Vatenfall’s German coal dreams

All of Sweden’s political parties have said they would look to ban Vattenfall’s coal expansion in Germany. Creative Commons: Bert Kaufmann, 2012

Swedish coal company Vattenfall has had its hopes of expanding its operations dashed as leaders from all eight of the country’s major political parties have said they would ban the state-owned company’s planned new projects in Germany.

During an election debate last week, the leaders were asked if they would “ban Vatenfall from expanding coal power in Germany?” with all eight holding up green scorecards showing they would support the idea.

Polling by Greenpeace found the vast majority of Swedes (77%) oppose Vattenfall’s new mining plans, and last week’s show of political opposition comes after thousands of people joined hands across the Lausitz region – stretching across the German-Polish border – to oppose the proposed coal expansion.

Vattenfall currently plans to expand its existing lignite mines, and potentially build new coal power stations, in the East German Lausitz region.

Such plans that would see 700-year-old villages decimated, beautiful landscapes destroyed and over 6000 homes bulldozed.

One of the world’s dirtiest fuels, the reckless expansion of Europe’s lignite industry has been labelled a “massive threat” to the continent’s decarbonisation.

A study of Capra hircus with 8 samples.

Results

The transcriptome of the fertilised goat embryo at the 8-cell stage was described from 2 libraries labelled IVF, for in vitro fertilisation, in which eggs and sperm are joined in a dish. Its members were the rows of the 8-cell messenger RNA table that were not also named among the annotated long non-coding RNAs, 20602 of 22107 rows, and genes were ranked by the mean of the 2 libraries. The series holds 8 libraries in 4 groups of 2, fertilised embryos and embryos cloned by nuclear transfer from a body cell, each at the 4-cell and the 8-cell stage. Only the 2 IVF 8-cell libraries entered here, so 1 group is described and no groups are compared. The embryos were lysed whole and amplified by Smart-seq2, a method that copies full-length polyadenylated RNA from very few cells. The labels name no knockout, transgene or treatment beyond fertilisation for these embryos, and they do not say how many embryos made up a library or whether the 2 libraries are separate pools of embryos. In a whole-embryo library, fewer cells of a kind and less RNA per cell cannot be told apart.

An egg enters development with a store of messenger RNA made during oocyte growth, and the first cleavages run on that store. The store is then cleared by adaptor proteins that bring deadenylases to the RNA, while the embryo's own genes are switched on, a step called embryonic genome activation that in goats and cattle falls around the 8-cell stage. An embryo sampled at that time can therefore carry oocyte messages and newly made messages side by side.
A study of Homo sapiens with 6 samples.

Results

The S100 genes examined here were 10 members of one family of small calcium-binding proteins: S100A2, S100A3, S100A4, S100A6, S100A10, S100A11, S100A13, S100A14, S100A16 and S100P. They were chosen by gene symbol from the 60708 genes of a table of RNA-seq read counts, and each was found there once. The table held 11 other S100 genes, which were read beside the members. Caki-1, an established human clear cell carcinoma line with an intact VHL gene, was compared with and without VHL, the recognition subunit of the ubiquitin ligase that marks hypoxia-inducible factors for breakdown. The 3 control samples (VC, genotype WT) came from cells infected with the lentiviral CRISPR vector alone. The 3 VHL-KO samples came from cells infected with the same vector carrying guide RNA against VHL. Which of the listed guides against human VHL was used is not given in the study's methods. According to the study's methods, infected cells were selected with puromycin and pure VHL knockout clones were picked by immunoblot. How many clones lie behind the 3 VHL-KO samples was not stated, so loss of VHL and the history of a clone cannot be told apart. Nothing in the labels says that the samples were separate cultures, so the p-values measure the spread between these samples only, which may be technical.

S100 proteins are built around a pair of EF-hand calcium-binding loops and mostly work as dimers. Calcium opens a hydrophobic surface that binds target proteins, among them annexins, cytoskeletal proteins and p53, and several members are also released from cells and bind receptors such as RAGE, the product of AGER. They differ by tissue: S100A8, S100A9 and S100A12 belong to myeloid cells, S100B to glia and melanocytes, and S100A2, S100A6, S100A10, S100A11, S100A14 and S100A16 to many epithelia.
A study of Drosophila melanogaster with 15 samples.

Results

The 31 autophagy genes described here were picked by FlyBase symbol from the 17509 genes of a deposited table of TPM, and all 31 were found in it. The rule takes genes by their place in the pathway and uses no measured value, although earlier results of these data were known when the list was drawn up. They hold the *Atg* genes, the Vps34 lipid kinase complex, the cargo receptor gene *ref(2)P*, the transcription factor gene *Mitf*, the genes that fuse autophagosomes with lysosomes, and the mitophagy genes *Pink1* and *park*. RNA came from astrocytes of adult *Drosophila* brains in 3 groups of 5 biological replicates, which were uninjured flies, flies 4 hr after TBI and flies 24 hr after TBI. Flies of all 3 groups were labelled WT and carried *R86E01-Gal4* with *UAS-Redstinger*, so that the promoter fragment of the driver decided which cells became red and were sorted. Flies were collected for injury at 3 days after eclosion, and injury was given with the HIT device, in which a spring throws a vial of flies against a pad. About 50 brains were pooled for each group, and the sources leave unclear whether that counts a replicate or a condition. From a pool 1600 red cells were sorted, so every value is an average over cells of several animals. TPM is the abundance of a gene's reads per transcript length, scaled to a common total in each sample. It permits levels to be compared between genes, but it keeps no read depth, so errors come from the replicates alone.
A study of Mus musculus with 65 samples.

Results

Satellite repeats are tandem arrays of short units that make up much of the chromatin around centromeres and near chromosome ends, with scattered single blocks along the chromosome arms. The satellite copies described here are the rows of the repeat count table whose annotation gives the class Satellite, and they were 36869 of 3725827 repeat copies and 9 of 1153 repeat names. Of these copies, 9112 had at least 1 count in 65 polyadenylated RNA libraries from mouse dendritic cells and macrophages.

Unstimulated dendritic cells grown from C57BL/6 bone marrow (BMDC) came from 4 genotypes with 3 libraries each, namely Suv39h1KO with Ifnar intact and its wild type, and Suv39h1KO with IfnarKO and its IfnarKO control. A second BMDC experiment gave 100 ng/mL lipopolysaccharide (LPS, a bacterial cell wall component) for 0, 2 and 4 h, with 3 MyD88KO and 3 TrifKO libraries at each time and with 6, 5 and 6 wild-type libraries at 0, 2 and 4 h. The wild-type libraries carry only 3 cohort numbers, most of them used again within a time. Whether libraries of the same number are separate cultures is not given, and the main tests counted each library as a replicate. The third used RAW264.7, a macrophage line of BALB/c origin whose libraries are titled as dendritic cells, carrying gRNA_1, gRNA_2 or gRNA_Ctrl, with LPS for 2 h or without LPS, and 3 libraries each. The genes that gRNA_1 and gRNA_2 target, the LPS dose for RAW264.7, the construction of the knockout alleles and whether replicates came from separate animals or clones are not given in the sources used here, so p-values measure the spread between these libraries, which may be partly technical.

Vatenfall’s existing plants in the Lausitz region are already responsible for the same level of emissions as the whole of Sweden.

But the mines that feed these plants are running dry and they company has applied for permits to enlarge them –locking in supply for its existing power stations.

100% owned by the Swedish people, Vattenfall has to follow government instructions and last week’s debate was the first time the mines have become a major topic of public discussion in the country.

However, as quickly as they supported the ban, some Swedish leaders are now backing away from it.

Centre party leader and minister for energy Annie Lööf, for example, told television company SVT that if her party won the election – to be held on 14 September – Vattenfall’s German assets would be sold.

By selling off this arm of the company’s operations Swedish politicians would simply be shifting the emissions away from the country.

Meanwhile it is still unclear exactly what the “ban on expanding coal power” would include, and whether this would refer to the proposed lignite mine expansion or would only refer to new coal power plants – which Vattenfall currently has no immediate plans to build.

The Swedish Green party has, however, already come out in support a ban on all new lignite mines saying it would be one of their first pushes if they joined the new government, while debates over the proposed expansion have at least put climate change and coal power at the heart of the election discussion.

But coal is not the only climate relevant topic up for debate as Sweden heads to the poll. The Greens have been joined by the other parties in also making divestment an election issue – making commitments to divest the country’s national pension funds from fossil fuels.

All other parties have also pledged they would include human rights, climate and environmental considerations as a basis for pension fund investments.